The oil price slump is hitting home with layoffs and spending cuts but there may be one positive development amid the rash of bad news: companies are tightening their belts more swiftly.
"The silver lining is the velocity--how fast all of these companies have moved to cut cost and build efficiencies. It's measured in weeks and months while in previous cycles it would take much longer," said Thomas McNulty, a director at consultancy Navigant Capital Advisors, .
This should enable companies with healthy balance sheets to stay in the green, he told CNBC's The Rundown.
Oilfield services giant Schlumberger was the latest casualty from the oil crash, posting its first quarterly loss in 12 years, prompting the company to cut another 10,000 jobs and initiate share buybacks, the company said on Thursday.
Oil prices have slumped 70 percent since they started their extended decline in the summer of 2014 with both U.S. WTI light sweet crude and European Brent moving just below $30 a barrel in Asian hours on Friday after hitting 12-year lows recently.
The persistently low price is due to a supply surplus with the boom in shale oil contributing to the glut exacerbated by the refusal of producing group OPEC to cut its 30-million-barrel-a-day production ceiling. Saudi Arabia, the most influential member of OPEC is sticking to its strategy of low-cost production to squeeze out higher-cost producers elsewhere.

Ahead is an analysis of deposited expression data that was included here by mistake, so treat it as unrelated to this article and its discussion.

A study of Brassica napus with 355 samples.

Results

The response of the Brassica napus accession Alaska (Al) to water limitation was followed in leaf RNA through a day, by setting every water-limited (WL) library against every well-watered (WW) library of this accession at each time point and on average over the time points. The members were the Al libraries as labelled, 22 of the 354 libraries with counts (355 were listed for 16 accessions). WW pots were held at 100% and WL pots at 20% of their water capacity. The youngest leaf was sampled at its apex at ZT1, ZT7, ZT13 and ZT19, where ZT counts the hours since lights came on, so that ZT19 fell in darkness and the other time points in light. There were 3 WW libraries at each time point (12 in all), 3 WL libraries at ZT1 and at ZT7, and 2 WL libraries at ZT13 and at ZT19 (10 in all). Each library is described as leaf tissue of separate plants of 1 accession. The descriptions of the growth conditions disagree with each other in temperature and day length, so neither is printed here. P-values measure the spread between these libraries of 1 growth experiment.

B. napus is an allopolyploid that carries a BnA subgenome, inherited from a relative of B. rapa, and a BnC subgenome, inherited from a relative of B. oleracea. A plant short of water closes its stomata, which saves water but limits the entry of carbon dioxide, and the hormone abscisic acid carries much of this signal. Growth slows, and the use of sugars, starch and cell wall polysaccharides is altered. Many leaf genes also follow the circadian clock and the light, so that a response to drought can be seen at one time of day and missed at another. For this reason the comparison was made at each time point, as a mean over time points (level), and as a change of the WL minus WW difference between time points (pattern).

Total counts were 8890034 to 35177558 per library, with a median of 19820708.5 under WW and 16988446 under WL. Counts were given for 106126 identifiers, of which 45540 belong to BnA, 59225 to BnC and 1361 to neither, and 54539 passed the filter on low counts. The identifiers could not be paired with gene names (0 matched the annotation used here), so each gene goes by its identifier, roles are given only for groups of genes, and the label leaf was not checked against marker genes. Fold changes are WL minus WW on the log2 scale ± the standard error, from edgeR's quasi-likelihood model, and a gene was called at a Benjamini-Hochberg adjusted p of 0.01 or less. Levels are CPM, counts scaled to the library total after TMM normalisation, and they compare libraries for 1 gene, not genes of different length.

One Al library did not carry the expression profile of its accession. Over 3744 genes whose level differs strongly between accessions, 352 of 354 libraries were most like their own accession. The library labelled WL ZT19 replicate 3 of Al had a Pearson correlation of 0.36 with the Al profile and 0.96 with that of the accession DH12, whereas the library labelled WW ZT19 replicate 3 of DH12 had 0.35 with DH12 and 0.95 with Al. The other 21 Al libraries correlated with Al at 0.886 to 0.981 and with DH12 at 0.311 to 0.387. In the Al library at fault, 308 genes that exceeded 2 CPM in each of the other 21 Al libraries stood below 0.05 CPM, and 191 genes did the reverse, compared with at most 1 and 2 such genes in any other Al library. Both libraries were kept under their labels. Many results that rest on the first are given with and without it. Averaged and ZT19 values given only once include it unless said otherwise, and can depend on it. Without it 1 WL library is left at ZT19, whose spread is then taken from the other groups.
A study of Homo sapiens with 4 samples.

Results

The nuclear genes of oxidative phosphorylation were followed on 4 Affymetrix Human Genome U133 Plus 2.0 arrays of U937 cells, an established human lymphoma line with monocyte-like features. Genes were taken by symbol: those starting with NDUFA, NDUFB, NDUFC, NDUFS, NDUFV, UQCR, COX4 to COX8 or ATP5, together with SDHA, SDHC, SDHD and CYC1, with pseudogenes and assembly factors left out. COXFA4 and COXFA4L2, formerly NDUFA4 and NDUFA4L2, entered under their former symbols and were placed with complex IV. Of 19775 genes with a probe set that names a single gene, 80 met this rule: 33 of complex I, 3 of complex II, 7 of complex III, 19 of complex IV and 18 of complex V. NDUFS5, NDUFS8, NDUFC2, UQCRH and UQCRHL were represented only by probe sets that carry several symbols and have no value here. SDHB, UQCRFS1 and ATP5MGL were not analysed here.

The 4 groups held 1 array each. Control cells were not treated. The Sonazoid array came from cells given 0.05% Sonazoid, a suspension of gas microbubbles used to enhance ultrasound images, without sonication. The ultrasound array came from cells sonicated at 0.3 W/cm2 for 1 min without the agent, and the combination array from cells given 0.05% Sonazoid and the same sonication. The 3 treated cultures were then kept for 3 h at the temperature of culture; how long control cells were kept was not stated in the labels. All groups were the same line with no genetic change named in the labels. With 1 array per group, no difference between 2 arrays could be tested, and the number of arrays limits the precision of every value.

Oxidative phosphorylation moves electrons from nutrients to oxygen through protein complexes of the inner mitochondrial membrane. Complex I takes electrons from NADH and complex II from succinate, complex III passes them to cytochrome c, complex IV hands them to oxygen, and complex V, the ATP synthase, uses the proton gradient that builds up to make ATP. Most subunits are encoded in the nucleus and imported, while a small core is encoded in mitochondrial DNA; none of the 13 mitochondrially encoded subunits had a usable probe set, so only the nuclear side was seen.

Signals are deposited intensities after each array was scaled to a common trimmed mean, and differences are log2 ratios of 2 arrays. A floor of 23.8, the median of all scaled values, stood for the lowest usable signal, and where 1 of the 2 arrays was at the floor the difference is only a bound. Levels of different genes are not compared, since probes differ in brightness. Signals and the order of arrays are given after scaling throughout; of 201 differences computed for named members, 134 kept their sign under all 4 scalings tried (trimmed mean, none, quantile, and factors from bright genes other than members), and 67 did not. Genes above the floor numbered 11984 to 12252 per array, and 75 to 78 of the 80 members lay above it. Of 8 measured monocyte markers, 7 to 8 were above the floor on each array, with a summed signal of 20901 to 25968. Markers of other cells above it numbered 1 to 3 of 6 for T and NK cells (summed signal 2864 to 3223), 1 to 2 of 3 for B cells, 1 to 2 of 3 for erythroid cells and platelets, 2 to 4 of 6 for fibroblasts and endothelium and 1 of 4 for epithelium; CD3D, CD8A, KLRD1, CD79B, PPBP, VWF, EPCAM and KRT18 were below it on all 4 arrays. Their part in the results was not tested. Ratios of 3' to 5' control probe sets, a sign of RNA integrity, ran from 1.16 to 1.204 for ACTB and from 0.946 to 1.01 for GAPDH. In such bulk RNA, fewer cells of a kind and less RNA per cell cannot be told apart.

The strategy however is taking longer than Saudi expected, contributing to its record high deficit in 2015 and spurring the country to introduce austerity measures such as cutting energy subsidies.
"Some of the players in the Middle East may have the ability to produce at lower cost but they are also paying for everybody's education, they are paying for infrastructure, they are basically national companies and that allows a lot of the free market competitors in North American to find a way to make money at lower prices for longer and to compete. They are built to compete head to head every day and it's very different with the national oil companies," said Navigant's McNulty.
The rout is prompting a flurry of price downgrade with ratings agency Moody's the latest to cut its 2016 price estimates for crude-oil prices, to an average of $33 a barrel this year for both WTI and Brent, $7 lower than its forecast for WTI and $10 lower than its previous forecast for Brent.
"Today's large global inventories will still take time to unwind and will continue to drag on prices even as demand picks up," said Terry Marshall, a Moody's Senior Vice President
The U.S. Energy Information Administration reported Thursday that nationwide crude stocks rose by 4 million barrels, more than the forecast 2.8 million barrels.
In a confused market, there are contrasting price forecasts.
Michael LaMotte, an oilfield services analyst and senior managing director at Guggenheim Securities expects supply to tighten, driving prices to $100 a barrel by 2018.
"What we have right now is an overproduction problem, not an excess supply or an excess capacity problem," he said.
With $30 a barrel oil prompting a supply response in terms of lower capital expenditure, LaMotte expects U.S. onshore production to decline by 1.2 million barrels a day in the next 12 months, prompting the market to drawn down on inventories from the second quarter onward to meet demand.
Another $500-600 billion will be needed to ramp up production to increase by 1 million barrels a day from 2018 in the U.S—far below the $50-60 billion that the sector is generating this year, he said.
"It's going to take a lot higher oil prices and a lot of capital markets activity to generate the amount of cash that will be required to deliver the production that the world needs just a few years from now."